Part of what makes photography so cool is the tools of the trade. Our cameras and lenses are awesome and they are the result of over one hundred and fifty years of technical improvements and revolutions.
The lenses we use today are made by the same basic principles as they were fifty years ago. They are just far more advanced, good looking and expensive. Another little secret that new comers to photography should know is that image quality is closer related to optics than it is to camera quality That’s not to say you should put a $2,000 lens on a lousy camera.
So lenses are awesome, but they are also expensive. That can be a major deal breaker for non-pros and people who want to take it to the next step but who don’t actually make any money from photography.
Used lenses are a solid option to look at. You might not have a warranty, but if you have a good eye and are lucky enough, you can find some pretty sweet bargains. Here are the most important things you need to know before buying a used lens.
How it looks
This is the first thing you are naturally going to check on a used lens. Depending on how long the user has had it, normal wear marks should be expected and should not constitute an argument for any discounts. However, if you see many or large scratches, dents or signs of impact, it’s best to look somewhere else because that lens is likely to give bad performance.
How it sounds
Any autofocus lens, even the ultra-silent, pro models will make noise even if you can barely hear it. That is absolutely normal because there are a lot of mechanical and optical parts moving inside it. What you need to avoid are rattling noises. Those are a good indication that the lens might have been dropped, even if there are no visible signs on the exterior.
Fungus and dust
Lenses can have fungus growing between elements and dust can also be present in the middle section where you have no access. This typically happens with older lenses, but depending on storage conditions, newer models can also be affected. Unless you get a solid discount and are absolutely sure the dust or fungus has no or little impact on the photos, you should run away from any such deal.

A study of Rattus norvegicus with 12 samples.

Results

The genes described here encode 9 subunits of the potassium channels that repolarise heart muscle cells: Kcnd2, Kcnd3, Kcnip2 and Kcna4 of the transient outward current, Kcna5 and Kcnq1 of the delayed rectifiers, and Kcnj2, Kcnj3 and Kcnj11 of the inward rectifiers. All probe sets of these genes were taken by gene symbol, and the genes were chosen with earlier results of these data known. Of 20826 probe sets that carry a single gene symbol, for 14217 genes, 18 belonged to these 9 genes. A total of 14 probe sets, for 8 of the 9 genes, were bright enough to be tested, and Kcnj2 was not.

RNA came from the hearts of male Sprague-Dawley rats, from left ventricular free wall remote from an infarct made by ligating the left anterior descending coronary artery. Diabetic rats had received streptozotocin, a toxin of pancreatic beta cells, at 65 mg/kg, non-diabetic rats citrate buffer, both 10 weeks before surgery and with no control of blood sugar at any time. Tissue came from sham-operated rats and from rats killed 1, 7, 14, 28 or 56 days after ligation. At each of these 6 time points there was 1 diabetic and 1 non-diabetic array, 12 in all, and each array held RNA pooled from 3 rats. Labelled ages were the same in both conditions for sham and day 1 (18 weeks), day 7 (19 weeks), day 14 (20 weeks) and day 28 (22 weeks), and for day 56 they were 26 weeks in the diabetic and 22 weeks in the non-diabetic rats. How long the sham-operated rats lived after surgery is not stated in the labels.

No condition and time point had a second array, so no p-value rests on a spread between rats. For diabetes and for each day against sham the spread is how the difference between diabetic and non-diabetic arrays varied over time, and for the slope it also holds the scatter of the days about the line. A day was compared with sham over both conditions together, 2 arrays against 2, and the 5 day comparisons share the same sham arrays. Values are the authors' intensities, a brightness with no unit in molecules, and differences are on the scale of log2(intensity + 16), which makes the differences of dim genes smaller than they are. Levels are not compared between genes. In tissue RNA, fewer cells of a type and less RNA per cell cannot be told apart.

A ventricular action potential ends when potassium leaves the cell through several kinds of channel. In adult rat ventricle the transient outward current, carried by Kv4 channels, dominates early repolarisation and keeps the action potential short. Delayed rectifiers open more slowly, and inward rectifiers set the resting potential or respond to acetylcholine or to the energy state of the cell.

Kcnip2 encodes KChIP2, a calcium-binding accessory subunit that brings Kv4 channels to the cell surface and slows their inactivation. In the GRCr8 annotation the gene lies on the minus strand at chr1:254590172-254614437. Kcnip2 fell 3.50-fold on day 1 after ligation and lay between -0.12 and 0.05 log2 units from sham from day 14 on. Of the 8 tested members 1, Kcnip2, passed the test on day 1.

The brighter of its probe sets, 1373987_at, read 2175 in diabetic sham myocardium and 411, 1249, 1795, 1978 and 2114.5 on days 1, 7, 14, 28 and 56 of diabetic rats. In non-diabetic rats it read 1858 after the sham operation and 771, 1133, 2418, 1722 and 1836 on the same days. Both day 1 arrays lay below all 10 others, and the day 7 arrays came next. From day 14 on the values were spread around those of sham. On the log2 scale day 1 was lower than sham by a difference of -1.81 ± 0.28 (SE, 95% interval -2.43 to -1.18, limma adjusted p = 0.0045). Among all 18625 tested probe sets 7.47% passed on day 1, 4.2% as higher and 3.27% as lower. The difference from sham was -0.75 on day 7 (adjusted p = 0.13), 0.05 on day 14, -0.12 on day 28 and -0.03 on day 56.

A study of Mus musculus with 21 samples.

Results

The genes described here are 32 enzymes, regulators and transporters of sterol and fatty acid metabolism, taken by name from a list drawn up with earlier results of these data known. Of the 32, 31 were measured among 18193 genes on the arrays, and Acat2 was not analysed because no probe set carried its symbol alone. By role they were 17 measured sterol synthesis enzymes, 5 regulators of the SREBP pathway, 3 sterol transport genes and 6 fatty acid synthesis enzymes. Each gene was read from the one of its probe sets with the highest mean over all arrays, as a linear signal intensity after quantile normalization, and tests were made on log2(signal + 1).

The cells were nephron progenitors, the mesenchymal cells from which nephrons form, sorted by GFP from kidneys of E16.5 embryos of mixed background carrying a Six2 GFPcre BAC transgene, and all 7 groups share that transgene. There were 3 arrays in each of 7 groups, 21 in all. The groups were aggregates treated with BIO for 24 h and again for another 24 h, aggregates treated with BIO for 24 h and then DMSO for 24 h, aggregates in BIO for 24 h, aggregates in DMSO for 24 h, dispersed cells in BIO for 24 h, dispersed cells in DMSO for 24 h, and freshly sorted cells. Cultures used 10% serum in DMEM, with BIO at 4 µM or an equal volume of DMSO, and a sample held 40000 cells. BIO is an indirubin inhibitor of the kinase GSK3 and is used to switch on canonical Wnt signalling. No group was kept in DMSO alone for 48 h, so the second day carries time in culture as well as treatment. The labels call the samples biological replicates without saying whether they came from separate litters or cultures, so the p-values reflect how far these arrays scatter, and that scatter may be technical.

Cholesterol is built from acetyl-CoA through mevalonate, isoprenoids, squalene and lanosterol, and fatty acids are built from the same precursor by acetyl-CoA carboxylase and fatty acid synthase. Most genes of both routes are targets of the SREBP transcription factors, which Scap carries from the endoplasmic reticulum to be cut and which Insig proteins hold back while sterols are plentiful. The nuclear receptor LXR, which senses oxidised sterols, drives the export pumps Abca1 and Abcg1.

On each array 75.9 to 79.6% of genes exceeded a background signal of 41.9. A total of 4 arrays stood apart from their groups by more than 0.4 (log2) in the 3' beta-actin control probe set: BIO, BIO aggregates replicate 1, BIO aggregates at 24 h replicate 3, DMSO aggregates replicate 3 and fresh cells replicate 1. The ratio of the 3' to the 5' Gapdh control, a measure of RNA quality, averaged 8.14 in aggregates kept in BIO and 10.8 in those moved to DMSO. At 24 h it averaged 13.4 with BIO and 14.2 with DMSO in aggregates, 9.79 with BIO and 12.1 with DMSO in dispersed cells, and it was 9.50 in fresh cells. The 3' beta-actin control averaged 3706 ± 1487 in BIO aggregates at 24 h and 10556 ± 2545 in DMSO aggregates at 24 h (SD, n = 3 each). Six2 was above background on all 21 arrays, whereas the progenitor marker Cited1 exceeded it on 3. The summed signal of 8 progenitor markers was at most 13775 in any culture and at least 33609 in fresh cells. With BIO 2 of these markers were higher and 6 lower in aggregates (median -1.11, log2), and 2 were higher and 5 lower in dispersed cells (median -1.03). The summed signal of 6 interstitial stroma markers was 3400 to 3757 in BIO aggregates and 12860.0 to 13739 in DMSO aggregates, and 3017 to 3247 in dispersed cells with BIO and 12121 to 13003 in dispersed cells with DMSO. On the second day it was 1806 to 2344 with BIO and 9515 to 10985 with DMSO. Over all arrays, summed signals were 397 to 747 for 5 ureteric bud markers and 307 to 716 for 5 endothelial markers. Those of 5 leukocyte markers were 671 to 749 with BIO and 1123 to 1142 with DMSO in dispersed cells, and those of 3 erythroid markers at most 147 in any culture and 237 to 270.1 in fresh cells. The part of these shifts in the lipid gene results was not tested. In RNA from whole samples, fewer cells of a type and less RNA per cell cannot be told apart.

How it feels
Every ring and switch should run smoothly and effortlessly. Otherwise, physical impact can be expected, and as I’ve mentioned above, you need to stay away from such a lens.
How the photos look
This is the most important factor in deciding if a lens is worth buying or not. Take your time and take all the test shots you need. An honest seller will have nothing to hide, so that shouldn’t be a problem. The photographs mush look absolutely flawless from a technical point of view. Focusing should be precise, fringe and moiré should be acceptable (unless you’re dealing with a really old lens) and chromatic aberration shouldn’t bother the eye.
If you are looking for online deals, try to get some test shots from the seller. Check their time and date with an exif viewer and make sure they are full size images.
Buying lenses online can be risky business, but that again, the Internet gives you access to a lot more opportunities.
However, I strongly recommend testing the lens you are going to buy before you pay it. It’s what you would do with a new lens, so why on earth would you miss doing it with a used one? God luck and happy shopping!